I grew up in a very black and white world. I have a mind that tends to think that way and a personality that lends itself to that kind of thinking. I love to have things compartmentalized into nice little boxes in my head.
That works really well if you live a neat, tidy life. But if you veer off of the road called "normal," whatever that looks like, suddenly life gets messy and things don't fit any more.
One of the ideas I had in my mind growing up is that good parenting equals good kids. If parents do things right, kids automatically grow up to make good choices. It made logical sense. But when my parents, who I know were awesome parents, had two of their three children choose to NOT follow Jesus, to lead a completely different life regardless of their upbringing and my parents prayers, I was forced to recon with the fact that my thinking was incorrect. God doesn't take away free will from children who have good parents.
So, I had to change my either-or thinking. No longer could it be "Either kids have good parents and make good choices, or they have bad parents and make bad choices." I had to change it to both-and thinking. "Kids can both have good parents and make bad choices."
I also spent my early twenties in theological debates. I won't go into detail here about the various arguments I had, but I was definitely an "either-or" thinker. I have come to realize that God is a both-and kind of God and that I need to think that way too. God is both just AND merciful. He both expects us to be holy and offers us grace when we aren't. He both loves us and corrects us. And so those debates have faded into the background and I've landed in a place where I can understand the that God lives in the tension between the extremes.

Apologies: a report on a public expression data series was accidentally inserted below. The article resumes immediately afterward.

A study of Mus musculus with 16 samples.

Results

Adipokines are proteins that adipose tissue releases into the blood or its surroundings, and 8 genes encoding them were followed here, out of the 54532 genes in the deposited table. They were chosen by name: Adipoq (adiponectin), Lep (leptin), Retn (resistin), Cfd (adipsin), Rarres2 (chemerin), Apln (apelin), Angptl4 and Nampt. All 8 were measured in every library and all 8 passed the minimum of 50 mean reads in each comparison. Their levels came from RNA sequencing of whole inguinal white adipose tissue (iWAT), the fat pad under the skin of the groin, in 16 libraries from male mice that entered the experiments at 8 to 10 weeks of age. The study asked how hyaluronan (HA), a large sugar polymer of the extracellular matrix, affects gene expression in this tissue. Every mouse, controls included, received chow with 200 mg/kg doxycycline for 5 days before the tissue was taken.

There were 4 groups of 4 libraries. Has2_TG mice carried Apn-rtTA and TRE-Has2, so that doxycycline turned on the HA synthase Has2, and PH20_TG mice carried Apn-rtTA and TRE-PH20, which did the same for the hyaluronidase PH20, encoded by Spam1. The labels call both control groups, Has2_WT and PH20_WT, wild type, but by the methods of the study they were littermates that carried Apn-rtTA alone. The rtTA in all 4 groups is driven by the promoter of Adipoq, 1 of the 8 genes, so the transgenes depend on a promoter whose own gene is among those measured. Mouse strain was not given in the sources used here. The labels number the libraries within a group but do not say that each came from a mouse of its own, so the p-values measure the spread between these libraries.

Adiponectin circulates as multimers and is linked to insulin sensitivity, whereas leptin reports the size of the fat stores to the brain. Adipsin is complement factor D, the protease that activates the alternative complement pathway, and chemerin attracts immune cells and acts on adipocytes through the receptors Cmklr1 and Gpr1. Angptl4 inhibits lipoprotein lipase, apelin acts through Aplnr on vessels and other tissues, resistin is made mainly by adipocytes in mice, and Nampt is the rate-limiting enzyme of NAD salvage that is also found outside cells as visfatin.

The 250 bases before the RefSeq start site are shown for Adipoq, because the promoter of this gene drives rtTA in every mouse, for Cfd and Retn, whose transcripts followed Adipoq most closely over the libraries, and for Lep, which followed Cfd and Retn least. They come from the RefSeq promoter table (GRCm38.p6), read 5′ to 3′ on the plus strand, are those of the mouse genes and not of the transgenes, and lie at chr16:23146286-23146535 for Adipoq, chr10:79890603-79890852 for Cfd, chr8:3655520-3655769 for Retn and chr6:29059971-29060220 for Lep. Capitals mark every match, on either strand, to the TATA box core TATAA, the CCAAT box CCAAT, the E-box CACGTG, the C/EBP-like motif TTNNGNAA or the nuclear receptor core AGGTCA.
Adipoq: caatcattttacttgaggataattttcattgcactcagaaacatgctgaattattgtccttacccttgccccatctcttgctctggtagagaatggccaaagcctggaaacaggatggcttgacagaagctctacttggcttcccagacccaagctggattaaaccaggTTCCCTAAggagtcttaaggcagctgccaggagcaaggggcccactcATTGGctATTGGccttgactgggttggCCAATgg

In my professional life I have learned there is one mistake that we all often make We head into a situation where conflict is possible with an "either or" mentality. Either this conversation is going to end up the way I want it to or it is I am going to lose and the other person is going to get their way.
Within the last year I have learned something that has transformed the way that I lead. If two parties can be honest, direct, and respectful, the conclusion is better than what either of them had thought was best. Not either his way or her way, but both his way and her way can result in a better way that neither thought of before.
As I begin my new journey as a leader at a new organization, I am committed like never before to be a both-and kind of person. To look outside the box, to communicate clearly, and to listen better than I have ever listened before.
And as I continue my journey as a parent of adult children from afar, I hope to incorporate those same principles into my interactions with my children.
Maybe during 2016 you can join me in efforts to be a both-and kind of person, rather than either-or. I would love to hear other examples of this concept that my thoughts have spurred on in your mind as we all learn and grow together!